What is BMI?
BMI is a term that’s thrown around a lot, but what exactly is the body mass index and what does it mean for women and men? More importantly, what can yours tell you about your health? Enter your weight in kg and height in cms to find out where you sit within the healthy weight range chart.
BMI stands for Body Mass Index, and it’s a tool that’s used to measure relative health risks associated with weight for both women and men. It can also give you an indication about whether you are in a healthy weight range. You can calculate yours by dividing your weight (in kilograms) by your height (in metres squared), or enter your details in our BMI finder below.
What your BMI results mean
Under 18.5 – you are considered to be underweight.
18.5 to 24.9 – you are considered to be within a healthy weight range.
25.0 to 29.9 – you are considered to be overweight.
Over 30 – you are considered to be obese.
BMI for women and men
The same BMI measurements apply to both genders as the same risks of developing weight-related illness applies to both women and men.
Research has made the connection between having a higher BMI and an increased risk of a number of diseases, including heart disease, type 2 diabetes, osteoarthritis and certain types of cancer including breast cancer.
Is BMI 100% accurate?
It’s not always accurate for everybody. It doesn’t distinguish between fat and muscle, so people who have a large muscle mass will often have a high BMI, even though their body fat is in the healthy range. Plus, a healthy BMI doesn’t always correlate with good health. In fact, research shows that one in three people who have healthy BMIs are relatively unhealthy once other test results, such as blood pressure, blood glucose and cholesterol are taken into account.
One explanation is that BMI doesn’t reflect where body fat is stored, and it’s possible to have a healthy BMI, while carrying too much fat around your waist, a location that poses more of a health risk than weight carried on your hips and thighs. A 2017 study proved that point, finding that people who carry weight around their middle but have healthy BMIs are at the highest risk of death from any cause, compared to people with higher BMIs who carry the weight elsewhere.
“If I had to choose between making sure my BMI or my waist-to-hip ratio are within the ‘normal’ range, I would go for the latter,” says the University of Sydney’s Associate Professor Emmanuel Stamatakis, who co-led the study. “A high waist-to-hip ratio most likely means high amounts of abdominal fat, and we know this comes with quite serious health risks.”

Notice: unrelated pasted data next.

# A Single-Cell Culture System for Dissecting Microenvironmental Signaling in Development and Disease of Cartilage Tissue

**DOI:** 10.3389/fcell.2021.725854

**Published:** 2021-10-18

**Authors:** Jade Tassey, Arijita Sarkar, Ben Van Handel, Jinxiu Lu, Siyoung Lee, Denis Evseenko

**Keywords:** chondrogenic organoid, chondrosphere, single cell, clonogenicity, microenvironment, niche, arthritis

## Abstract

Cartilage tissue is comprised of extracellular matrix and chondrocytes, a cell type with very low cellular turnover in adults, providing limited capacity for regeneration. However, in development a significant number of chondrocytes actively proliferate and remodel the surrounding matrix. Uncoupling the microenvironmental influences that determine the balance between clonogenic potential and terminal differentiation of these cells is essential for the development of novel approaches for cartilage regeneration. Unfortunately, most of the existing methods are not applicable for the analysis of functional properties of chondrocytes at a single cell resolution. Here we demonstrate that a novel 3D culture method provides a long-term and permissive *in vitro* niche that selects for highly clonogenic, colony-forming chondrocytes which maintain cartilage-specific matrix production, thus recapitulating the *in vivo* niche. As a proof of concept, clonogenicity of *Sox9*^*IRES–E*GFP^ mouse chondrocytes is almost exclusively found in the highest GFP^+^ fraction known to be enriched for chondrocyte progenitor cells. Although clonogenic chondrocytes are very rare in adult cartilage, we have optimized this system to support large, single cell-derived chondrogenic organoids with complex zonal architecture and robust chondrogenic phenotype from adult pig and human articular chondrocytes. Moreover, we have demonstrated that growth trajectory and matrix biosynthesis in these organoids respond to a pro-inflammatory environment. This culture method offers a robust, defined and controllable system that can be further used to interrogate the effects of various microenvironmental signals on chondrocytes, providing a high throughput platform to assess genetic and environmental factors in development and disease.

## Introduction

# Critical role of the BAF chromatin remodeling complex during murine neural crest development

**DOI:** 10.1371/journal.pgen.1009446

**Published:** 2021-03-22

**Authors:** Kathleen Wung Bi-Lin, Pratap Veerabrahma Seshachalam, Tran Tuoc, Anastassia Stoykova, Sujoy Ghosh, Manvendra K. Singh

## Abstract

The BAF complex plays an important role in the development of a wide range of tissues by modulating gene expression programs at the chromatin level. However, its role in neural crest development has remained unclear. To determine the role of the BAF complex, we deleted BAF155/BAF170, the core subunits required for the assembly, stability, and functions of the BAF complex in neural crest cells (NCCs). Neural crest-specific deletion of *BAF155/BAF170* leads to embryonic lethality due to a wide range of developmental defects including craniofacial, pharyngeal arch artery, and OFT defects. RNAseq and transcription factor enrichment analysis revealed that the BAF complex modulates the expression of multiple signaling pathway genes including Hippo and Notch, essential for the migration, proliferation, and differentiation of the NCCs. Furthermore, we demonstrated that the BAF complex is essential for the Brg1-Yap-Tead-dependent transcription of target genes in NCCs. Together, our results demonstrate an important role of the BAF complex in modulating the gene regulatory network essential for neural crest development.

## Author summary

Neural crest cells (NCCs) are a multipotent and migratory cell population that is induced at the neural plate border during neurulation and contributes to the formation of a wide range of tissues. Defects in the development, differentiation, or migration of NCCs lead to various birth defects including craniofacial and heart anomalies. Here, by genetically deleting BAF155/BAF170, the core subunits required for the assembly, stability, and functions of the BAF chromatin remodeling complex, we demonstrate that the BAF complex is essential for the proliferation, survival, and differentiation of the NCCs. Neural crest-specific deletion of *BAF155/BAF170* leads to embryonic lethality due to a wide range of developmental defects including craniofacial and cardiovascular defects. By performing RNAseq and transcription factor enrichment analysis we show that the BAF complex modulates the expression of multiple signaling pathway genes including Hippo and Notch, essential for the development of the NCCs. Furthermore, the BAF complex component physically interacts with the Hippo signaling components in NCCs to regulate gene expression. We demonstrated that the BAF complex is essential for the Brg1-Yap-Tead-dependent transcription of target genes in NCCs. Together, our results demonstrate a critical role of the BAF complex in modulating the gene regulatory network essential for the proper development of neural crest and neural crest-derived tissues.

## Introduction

Should I bother calculating my BMI?
Yes, says Dr Michelle Celander, WW program and Science Director. “BMI provides a snapshot of how weight affects the risk of medical problems for a population of people, so while it may not be a perfect measure of medical risk for every individual, it’s still very valuable as feedback for you.
“But, while it is a good idea to calculate and know what your BMI is, no one piece of feedback about your weight or health should be viewed in isolation, so it’s really important to consider your BMI in context of other information and measurements.”
What other measurements matter?
There are two you should take:
A) Your waist-to-hip ratio:
Divide your waist measurement (in centimetres) by your hip measurement (in centimetres). A waist-to-hip ratio of more than 0.9 for men and 0.85 for women indicates an increased health risk.
B) Your waist-to-height ratio:
Divide your waist measurement (in centimetres) by your height (in centimetres). For good health, research shows that keeping your waist circumference to less than half your height – or a ratio no bigger than 0.5 – is wise.
What can I do to lose weight?
The WW program encourages members to focus on realistic weight-loss goals and provides the skills and techniques to help you achieve them. A good initial goal to aim for is losing 10% per cent of your body weight. Even if that’s not enough to push you into a healthy weight range, it’s a great start when you’re overweight, with research showing it’s enough to deliver health benefits, like lowering risk factors for type 2 diabetes and heart disease.